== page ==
Growing or shrinking? What the latest trends tell us about the world’s population

Growing or shrinking? What the latest trends tell us about the world’s population

It will then fall to around 10.2 billion, which is 700 million lower than expected a decade ago. That’s just one of the key findings revealed in Thursday’s World Population Prospects 2024 report published by the UN Thursday.

However, changes in global population are uneven and the demographic landscape is evolving, with rapid population growth in some places and rapid ageing in others, making reliable population data “more important than ever”, said the UN sexual and reproductive health agency (UNFPA), heralding the report which is published to coincide with World Population Day.

The report “must be used to reach and respond to the needs of those who have been left behind,” the agency added.

‘Everyone counts’

Marking the international day, UN Secretary-General António Guterres said it was key to accurately count everyone “because everyone counts.”

“Our rich human tapestry is only as strong as its weakest thread. When data and other systems work for those on the margins, they work for everyone. This is how we accelerate progress for all.”

To study this population data more closely, the 28th edition of World Population Prospects (WPP) published by the UN Department of Economic and Social Affairs (DESA) since 1951, provides the latest demographic data for 237 countries from 1950 to 2024 and projections up to the year 2100.

The WPP is crucial to monitor the Sustainable Development Goals, with about a quarter of the indicators relying on its data.

Lower fertility, an ageing population

The world’s overall fertility rates are dropping, with women having one child fewer on average than they did around 1990.

In more than half of all countries and areas, the average number of live births per woman is below 2.1 – the level required for a population to maintain a constant size.

Meanwhile, nearly a fifth of all countries and areas, including China, Italy, the Republic of Korea and Spain, now have “ultra-low fertility”, with fewer than 1.4 live births per woman over a lifetime.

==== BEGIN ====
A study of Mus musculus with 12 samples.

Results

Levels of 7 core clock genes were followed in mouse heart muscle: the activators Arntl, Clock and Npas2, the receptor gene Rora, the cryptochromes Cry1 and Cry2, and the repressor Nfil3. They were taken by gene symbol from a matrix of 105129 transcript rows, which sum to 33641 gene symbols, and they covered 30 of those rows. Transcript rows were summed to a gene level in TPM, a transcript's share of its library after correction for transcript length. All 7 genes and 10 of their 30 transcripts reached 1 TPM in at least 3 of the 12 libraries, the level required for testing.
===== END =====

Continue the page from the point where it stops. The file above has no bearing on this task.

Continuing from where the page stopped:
Reaching the peak

As of 2024, population size has peaked in 63 countries and areas, including China, Germany, Japan and the Russian Federation, and the total population of this group is projected to decline by 14 per cent over the next thirty years.

The average age of the population of the world is also increasing.

By the late 2070s, the number of persons 65 years or older is projected to surpass the number of persons under 18.

This is in part due to the overall increase in life expectancy and decrease in mortality rates over the past three decades. By the late 2050s, more than half of all global deaths will occur at age 80 or higher, a substantial increase from 17 per cent in 1995.

Rapid growth

While the slow growth or decline of populations is occurring mainly in high-income countries, rapid population growth will occur in low-income and lower-middle-income countries.

Specifically, Angola, the Central African Republic, the Democratic Republic of Congo, Niger, and Somalia, very rapid growth is projected, with their total population doubling between 2024 and 2054.

This population growth will increase demand for resources, especially in sub-Saharan Africa and South Asia and, combined with poorly managed urbanisation and rising living standards, it will worsen environmental impacts.

Climate change, a major challenge, affects these countries the most, where many rely on agriculture – and food insecurity is prevalent.

In countries including India, Indonesia, Nigeria, Pakistan and the United States, population is also expected to increase through 2054 and could potentially peak in the second half of the century or later.

Reproductive health

Central to population and development is the “recognition that women’s sexual and reproductive health and reproductive rights are cornerstones of sustainable development,” said Secretary-General Guterres.

Particularly in low-income countries, early pregnancies remain a challenge.

In 2024, 4.7 million babies, or about 3.5 per cent of the total worldwide, were born to mothers under the age of 18.

© WHO India/Sanchita Sharma

Of these, some 340,000 were born to children under 15, with serious consequences for the health and well-being of both the young mothers and their children.

Investing in the education of young people, especially girls – and increasing the ages of marriage and first childbearing in countries where these have an early onset – will have positive outcomes for women’s health, educational attainment and labour force participation, according to WPP data.

These efforts will also contribute to reducing the scale of the investments required to achieve sustainable development while ensuring that no one is left behind.